How Crowd Voting Gets Unsigned Bands A Record Label?

Unsigned bands and musicians can now get connected to record labels via crowd voting platform Chartburst. We investigated a few social music platforms from the UK, US and the Arab world.

Chartburst: How Crowd Voting Gets Unsigned Bands A Record Label?

First provided a way for musicians to get support and finance from brands.

Now UK-based Chartburst is connecting unsigned acts with record label representatives through its crowd sourced charting system.

How Does Chartburst Work?

Chartburst features a chart-based ranking system. Artists can submit one song at a time to one of the charts, which reset every two weeks.

Chartburst: How Crowd Voting Gets Unsigned Bands A Record Label?

At the end of the two-week period, the top five artists in terms of fan votes on each of the charts will have their music forwarded to genre-specific talent scouts.

Representatives from the record labels will then provide feedback to the artist via e-mail within two weeks. In theory, this connection could lead to record deals for said Chartburst artists.

Chartburst has teamed up with A&R staff at major record labels – including Columbia, Sony, Interscope Records and Warner Music – who have agreed to appraise those topping the Chartburst lists on a regular basis.

If the concept works, ideally those with the greatest backing from discerning music fans will have their work put in front of record labels with the facilities to nurture their talent.

Bands pay $5 a month to upload tracks under the genre that best describes their music, although this is currently $2.50 while the site is in beta. Voters and record labels can use the site for free.

See the video below with more information about Chartburst:

YouTube Preview Image

Music Marketing in the Arab World
Alfan Group seeks to capitalize on the Middle East and North African market with a focus on Arabic and Islamic content.

Alfan Group: Music Video Marketing for the Arab World -

The Alfan Group now has over 20 artists, television channels, and public figures as clientele from Kuwait, Saudi Arabia, Jordan, Syria and other countries in the region.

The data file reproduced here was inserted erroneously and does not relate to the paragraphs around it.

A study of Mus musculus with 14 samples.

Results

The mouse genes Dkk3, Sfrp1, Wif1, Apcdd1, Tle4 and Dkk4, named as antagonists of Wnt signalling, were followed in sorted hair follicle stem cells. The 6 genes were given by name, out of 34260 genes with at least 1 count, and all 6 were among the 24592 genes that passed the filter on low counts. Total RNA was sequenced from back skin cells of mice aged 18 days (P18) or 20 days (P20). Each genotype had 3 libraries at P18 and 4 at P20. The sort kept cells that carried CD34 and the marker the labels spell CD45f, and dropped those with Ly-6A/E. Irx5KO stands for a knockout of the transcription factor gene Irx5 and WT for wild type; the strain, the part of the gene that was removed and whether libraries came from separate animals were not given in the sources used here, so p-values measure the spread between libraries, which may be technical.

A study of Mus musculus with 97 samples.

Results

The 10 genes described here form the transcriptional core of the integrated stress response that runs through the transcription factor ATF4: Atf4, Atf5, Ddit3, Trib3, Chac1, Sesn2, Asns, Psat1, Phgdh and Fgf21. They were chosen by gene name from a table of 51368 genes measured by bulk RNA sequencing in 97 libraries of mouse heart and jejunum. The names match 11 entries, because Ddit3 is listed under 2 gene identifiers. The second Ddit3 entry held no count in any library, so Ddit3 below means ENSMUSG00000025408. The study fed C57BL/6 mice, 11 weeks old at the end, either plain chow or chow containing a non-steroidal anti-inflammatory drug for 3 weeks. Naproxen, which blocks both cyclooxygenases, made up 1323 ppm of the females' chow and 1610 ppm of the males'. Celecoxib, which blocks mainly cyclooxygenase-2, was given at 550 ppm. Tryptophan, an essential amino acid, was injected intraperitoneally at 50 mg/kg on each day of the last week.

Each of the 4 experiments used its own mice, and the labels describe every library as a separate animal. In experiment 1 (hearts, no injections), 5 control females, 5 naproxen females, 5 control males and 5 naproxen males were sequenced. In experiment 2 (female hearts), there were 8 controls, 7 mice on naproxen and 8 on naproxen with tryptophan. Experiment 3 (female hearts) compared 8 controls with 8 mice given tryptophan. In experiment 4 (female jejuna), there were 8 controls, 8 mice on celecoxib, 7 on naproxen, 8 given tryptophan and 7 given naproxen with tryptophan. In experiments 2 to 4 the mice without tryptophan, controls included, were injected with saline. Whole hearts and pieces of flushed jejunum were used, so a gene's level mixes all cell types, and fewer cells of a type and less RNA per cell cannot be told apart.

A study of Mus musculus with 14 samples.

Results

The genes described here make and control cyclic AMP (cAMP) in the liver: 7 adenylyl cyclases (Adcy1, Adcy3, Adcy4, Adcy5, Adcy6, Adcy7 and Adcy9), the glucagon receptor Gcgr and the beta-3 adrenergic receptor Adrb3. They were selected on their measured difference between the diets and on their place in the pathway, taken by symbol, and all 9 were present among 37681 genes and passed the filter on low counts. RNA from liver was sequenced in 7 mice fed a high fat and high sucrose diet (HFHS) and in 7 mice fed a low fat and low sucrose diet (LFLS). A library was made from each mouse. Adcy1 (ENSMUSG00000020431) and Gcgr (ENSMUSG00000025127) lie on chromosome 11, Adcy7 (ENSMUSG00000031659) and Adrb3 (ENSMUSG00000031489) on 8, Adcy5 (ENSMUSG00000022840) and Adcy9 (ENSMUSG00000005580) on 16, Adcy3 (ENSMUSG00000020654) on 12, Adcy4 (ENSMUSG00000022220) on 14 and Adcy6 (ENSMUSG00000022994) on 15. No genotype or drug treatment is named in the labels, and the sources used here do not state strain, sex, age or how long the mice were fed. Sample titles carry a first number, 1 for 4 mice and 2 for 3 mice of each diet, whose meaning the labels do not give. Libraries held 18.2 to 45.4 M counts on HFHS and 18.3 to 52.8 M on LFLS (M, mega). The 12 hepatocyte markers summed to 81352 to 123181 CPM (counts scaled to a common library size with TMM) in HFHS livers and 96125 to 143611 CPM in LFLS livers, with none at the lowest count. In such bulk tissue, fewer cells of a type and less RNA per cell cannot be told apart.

The company owns the rights to all of the content these artists produce on YouTube.

Alfan’s YouTube channel just exceeded 60 million views on YouTube.

The Alfan team also manages the social media for each artist, part of the package deal when signing with Alfan.

To make money, Alfan first charged the artists a monthly fee of $300 for their services, but has moved away from this strategy.

Now Alfan delivers its services for “free”. Free meaning: In return for a 50-50 split of the YouTube ad revenues.

Make Money with Music Video & Ads?
We hear the stories around us. Many people around us think they can monetize video content or their YouTube channels with music videos.

Want to know more about music, marketing, YouTube and video? Check out our recent story: Gangnam Style Cash Cow: PSY Makes $6 Million For YouTube.

My Opinion?

Turning music from a hobby into a paid profession can be difficult, even for the talented bands.

Especially to the musicians that don’t have viral video clip power like PSY’s Gangnam Style, and Chartburst could offer new opportunities.

I like the fact that Chartburst gives the crowd a say in which bands get noticed by major record labels, while labels themselves have a way to determine if a potential signing has appeal.

Platforms like Vevo in the US, Alfan in the Arab world and Chartbust in the UK, they all make “underground” musicians and bands less depending on TV talent shows like: X-Factor or The Voice Of

What About You?

How do you like platforms like Alfan, Vevo, Fanatic and Chartburst? In what other ways can the social web help music talents to get their discovery and recognition? I’d love to see your ideas in the comments below.

Igor Beuker was CMO at 3 listed companies, chairman at the IAB, jury member at Webby, AMMA and Esprix awards, founder of 3 digital agencies (sold to WPP) and global chief social officer at Mindshare. Now he is ‘freejack’ consultant and a sought after keynote speaker.